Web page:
I’m currently reading through the Chronicles of Narnia by C.S. Lewis. Like many, my childhood memories include traveling with the Pevensie children through a wardrobe filled with fur coats to a land called Narnia. I adored Lucy. She entered Narnia first, saw Aslan the most, and had faith when many did not.
As an adult, I have discovered a new favorite character. Reepicheep, a two-foot mouse introduced briefly in Prince Caspian, plays a significant role in the book The Voyage of the Dawn Treader. He joins King Caspian, Lucy, Edmund, a reluctant Eustace, and the ship’s crew on an adventure to seek out the Seven Lost Lords.
The valiant mouse has another reason for being aboard the Dawn Treader. As a young pup, he listened as a Dryad sung over his cradle these enigmatic words:
Where the sky and water meet,
When the waves grow sweet
Doubt not, Reepicheep
To find all you seek
There is the utter east
He doesn’t know what it means—really—just that it impacts his destiny and creates a longing for Aslan’s country. So, he joins the company of the Dawn Treader to explore uncharted islands, brave a great darkness, survive a sea storm, and travel to the world’s end.
Of the many adventures aboard the Dawn Treader, most happen because of the bravery of Reepicheep. Even the search party for Eustace, an annoying traveler that no one really cares for, is spurred on by his devotion to the fellowship.
The way Reepicheep lives his life reminds me of Paul’s words to the Corinthians.
6 So we are always of good courage. We know that while we are at home in the body we are away from the Lord, 7 for we walk by faith, not by sight. 8 Yes, we are of good courage, and we would rather be away from the body and at home with the Lord. 9 So whether we are at home or away, we make it our aim to please him. 10 For we must all appear before the judgment seat of Christ, so that each one may receive what is due for what he has done in the body, whether good or evil. —2 Corinthians 5:6-10
What can we learn from a little mouse about our time here on earth and eternity to come?
Be Devoted to One Another | Romans 12:10
Even at the risk of his own safety, Reepicheep devoted himself to the safety and honor of his king and the fellowship of travelers aboard the Dawn Treader. We’ve already mentioned his devotion to Eustace—a boy he didn’t even like.
When Eustace turns into a dragon, Reepicheep sits beside him at night sharing tales of knights and kings who had overcome a great obstacle. Though his words were not very comforting, the devotion of the fine mouse left a lasting impression on the boy.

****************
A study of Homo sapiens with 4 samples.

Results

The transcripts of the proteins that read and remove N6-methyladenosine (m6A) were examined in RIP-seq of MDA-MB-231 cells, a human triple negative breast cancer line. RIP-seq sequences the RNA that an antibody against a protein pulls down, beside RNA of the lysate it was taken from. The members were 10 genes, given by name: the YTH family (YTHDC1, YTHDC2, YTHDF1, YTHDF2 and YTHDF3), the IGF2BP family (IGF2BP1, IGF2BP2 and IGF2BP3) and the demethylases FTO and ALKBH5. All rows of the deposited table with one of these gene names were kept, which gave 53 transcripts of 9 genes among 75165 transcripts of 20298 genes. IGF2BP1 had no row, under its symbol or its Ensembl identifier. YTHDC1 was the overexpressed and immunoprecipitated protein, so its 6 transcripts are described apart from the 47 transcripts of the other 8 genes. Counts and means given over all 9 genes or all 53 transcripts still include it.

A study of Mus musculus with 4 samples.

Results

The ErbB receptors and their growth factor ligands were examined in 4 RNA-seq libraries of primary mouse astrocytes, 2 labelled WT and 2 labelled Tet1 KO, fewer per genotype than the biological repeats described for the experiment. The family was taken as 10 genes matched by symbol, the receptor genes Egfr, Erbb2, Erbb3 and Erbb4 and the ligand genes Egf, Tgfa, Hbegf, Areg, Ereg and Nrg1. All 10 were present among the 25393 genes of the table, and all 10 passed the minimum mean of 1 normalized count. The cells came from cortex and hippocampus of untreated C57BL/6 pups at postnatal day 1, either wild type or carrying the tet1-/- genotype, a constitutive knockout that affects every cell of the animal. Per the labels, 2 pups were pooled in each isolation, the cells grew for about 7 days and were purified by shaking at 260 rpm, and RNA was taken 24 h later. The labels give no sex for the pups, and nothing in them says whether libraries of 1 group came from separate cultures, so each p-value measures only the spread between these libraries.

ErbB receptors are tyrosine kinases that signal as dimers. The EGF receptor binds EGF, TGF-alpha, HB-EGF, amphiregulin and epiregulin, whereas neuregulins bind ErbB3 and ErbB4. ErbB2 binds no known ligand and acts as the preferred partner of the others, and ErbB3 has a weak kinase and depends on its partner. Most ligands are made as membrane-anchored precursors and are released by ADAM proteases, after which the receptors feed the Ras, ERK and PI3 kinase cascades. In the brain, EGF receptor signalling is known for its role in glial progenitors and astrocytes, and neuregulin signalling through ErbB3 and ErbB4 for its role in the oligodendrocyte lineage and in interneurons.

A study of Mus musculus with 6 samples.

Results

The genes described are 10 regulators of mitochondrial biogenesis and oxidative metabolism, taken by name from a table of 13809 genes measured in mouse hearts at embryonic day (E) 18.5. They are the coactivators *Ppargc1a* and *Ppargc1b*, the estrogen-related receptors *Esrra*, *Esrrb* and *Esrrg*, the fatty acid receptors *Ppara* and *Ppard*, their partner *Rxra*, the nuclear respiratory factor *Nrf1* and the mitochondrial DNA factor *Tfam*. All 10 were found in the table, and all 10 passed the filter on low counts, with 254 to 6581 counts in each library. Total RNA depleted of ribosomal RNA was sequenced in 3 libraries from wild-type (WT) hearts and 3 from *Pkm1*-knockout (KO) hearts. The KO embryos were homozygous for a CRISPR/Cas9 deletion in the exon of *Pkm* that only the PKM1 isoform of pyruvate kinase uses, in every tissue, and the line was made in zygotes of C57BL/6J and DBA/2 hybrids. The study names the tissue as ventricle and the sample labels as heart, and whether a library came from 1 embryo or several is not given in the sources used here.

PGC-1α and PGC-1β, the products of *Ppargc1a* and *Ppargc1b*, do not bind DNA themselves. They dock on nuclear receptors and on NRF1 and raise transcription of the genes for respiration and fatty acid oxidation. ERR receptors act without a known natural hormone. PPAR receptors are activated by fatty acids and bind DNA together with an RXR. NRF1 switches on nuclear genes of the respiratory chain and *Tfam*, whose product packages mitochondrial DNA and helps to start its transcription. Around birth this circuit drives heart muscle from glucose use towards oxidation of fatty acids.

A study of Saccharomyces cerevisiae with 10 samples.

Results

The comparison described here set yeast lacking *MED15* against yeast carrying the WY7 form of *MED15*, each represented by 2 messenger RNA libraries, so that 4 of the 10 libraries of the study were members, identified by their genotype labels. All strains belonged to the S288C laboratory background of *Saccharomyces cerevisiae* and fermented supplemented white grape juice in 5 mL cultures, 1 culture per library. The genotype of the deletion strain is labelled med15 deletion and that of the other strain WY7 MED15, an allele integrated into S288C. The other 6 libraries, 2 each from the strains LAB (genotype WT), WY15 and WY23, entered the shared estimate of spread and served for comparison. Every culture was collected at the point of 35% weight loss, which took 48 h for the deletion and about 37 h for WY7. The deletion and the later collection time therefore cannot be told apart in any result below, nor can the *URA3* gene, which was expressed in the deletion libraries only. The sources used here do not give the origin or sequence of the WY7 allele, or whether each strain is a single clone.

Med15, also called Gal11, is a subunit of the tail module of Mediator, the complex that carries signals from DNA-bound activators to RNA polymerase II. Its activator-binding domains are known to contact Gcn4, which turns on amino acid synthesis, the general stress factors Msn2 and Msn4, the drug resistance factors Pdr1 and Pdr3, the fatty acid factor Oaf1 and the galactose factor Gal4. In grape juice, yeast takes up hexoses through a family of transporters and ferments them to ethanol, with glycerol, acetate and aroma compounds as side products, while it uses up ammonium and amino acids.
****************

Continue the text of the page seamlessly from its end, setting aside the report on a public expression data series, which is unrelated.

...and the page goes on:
Might we, too, devote ourselves to one another in love? Might we outdo one another with honor in our words and actions? Yes—even those who are hard to love and honor.
Keep the Faith | 2 Timothy 4:7-8
After many great adventures, the weary travelers encounter an island with what they soon learn are the enchanted sleeping bodies of the final three Lords. They have finished their quest. They have found or learned the destiny of all seven men. But to wake the sleeping Lords, they must travel to the world’s end and leave a traveler behind.
Though many are ready to return home, Reepicheep says, “My own plans are made. While I can, I sail east in the Dawn Treader. When she fails me, I paddle east in my coracle. When she sinks, I shall swim east with my four paws. And when I can swim no longer, if I have not reached Aslan’s country, or shot over the edge of the world in some vast cataract, I shall sink with my nose to the sunrise…”
In a fairy tale sort of way, these words remind me of Paul’s speech of fighting the good fight and finishing the race. Like the men aboard the Dawn Treader, we might be tempted to stop just short of all God has called us to do. The kids are raised and serving Jesus, retirement is on the horizon, the bank account guarantees a life of leisure. But God has not called us to a life of leisure. May we finish strong with our “nose to the sunrise.”
Longing and Living
We can learn so much from this little mouse. While we have a purpose to brave this world, to love and honor each other, and to use our time on earth to point as many to Christ as we can, may we set our hearts, continually, on the utter east.